Regional assemblies, which oversee the spending of tens of million pounds on housing, transport and planning, are to be scrapped, the government has said.
The assemblies oversee housing spending in the regions
The eight assemblies in England are made up of councillors who are nominated to sit on them.
From 2010, their role will be transferred to the business-led regional development agencies, which will have an enhanced role.
Councils could also get the power to levy business rates again.
Local Government Minister John Healey told MPs the aim was to "give local authorities and communities greater responsibility and opportunity to boost economic growth in their area.
They would also "bring consultation and planning for jobs, homes, investment and the environment closer together".
Mr Healey added that ministers would "strengthen public scrutiny and accountability of regional plans and the work of RDAs".
To Tory laughter, he said plans reflected the prime minister's "vision of a modern democracy in which power is exercised at the lowest level and those with power are held more clearly to account".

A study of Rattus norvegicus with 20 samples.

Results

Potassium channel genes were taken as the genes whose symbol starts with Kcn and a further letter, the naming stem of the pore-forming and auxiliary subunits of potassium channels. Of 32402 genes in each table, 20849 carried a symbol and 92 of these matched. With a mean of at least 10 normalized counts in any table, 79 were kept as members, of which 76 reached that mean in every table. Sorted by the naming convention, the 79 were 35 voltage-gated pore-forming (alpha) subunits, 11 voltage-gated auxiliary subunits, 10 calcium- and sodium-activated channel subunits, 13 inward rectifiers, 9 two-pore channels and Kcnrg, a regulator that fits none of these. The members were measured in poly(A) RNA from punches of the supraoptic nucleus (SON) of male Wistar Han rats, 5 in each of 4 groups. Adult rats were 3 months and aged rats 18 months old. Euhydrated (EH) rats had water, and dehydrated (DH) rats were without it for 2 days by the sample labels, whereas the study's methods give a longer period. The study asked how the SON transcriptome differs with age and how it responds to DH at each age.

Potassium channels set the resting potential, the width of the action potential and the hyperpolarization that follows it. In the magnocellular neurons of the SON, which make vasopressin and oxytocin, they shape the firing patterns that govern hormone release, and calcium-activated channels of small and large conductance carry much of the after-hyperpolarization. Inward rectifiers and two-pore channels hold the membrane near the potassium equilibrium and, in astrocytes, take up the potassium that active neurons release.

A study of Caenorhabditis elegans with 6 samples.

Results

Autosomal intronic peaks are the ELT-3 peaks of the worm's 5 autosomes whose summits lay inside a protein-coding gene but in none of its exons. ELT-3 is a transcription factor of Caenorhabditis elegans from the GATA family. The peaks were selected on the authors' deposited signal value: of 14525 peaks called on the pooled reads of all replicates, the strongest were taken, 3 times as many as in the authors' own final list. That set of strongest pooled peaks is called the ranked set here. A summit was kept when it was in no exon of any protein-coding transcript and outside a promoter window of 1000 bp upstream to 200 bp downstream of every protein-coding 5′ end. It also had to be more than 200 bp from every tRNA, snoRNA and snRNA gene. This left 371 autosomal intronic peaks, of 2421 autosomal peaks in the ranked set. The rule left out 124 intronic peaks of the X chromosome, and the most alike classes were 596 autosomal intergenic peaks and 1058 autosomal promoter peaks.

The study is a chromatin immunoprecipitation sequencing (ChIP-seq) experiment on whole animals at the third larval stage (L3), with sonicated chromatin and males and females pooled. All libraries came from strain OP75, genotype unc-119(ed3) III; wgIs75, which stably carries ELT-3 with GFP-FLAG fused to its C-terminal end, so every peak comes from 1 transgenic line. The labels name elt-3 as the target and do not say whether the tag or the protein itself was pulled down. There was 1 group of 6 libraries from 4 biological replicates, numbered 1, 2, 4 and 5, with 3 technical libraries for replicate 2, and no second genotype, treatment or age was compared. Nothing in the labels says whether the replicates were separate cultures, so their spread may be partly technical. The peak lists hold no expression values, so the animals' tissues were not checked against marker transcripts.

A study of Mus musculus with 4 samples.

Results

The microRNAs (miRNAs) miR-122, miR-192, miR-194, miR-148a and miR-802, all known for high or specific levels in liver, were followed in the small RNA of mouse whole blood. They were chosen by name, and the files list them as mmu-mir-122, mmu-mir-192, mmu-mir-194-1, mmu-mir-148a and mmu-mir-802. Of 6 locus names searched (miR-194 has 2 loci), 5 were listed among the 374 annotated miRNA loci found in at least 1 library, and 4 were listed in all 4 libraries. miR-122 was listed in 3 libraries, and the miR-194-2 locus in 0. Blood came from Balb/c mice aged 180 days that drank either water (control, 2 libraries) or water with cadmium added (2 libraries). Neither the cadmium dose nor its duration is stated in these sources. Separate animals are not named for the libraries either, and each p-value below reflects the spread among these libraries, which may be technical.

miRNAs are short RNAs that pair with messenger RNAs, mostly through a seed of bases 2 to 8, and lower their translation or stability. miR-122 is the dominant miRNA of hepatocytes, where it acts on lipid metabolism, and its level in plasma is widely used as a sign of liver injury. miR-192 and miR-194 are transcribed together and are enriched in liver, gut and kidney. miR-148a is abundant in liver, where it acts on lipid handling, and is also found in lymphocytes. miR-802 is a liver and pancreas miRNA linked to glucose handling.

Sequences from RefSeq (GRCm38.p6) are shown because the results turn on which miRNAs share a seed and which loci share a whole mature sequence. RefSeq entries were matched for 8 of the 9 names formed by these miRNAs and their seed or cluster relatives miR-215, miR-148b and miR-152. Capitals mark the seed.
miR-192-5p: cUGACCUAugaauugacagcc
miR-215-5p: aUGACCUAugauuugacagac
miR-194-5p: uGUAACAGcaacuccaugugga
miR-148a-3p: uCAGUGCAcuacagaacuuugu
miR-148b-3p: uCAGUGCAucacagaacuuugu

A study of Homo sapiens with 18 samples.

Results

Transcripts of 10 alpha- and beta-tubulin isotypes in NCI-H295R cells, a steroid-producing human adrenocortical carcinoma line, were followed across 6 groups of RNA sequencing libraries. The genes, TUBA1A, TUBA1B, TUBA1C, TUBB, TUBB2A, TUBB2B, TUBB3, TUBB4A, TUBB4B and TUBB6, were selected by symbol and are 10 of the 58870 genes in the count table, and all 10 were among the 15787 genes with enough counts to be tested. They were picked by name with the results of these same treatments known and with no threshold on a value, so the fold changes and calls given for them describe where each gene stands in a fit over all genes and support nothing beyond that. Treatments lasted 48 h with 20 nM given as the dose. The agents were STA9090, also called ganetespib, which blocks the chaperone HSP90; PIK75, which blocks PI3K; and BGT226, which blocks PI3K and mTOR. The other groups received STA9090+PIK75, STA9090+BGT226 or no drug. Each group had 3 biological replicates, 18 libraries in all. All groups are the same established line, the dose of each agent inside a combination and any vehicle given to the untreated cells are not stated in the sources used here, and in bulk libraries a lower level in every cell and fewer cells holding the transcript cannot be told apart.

The main proposals were to:
- Consult on creating a statutory economic duty for councils
- Consider options for supplementary business rates, working closely with business and local government
- Require RDAs to delegate funding to local authorities and sub-regions wherever possible
- Move funding for most 14 to 19-year-olds' education and skills to local authorities from the Learning and Skills Council
Mr Healey also said: "Regional assemblies, in their current form, will no longer exist."
But shadow communities secretary Eric Pickles said the assemblies had been the "apple in the eye" of former deputy prime minister John Prescott and had now been reduced to "rubble".
The assemblies had been seen as precursors for fully elected regional assemblies in England.
But the ballot on setting up the first one - in the North East in 2004 - saw voters reject it by 78% to 22%.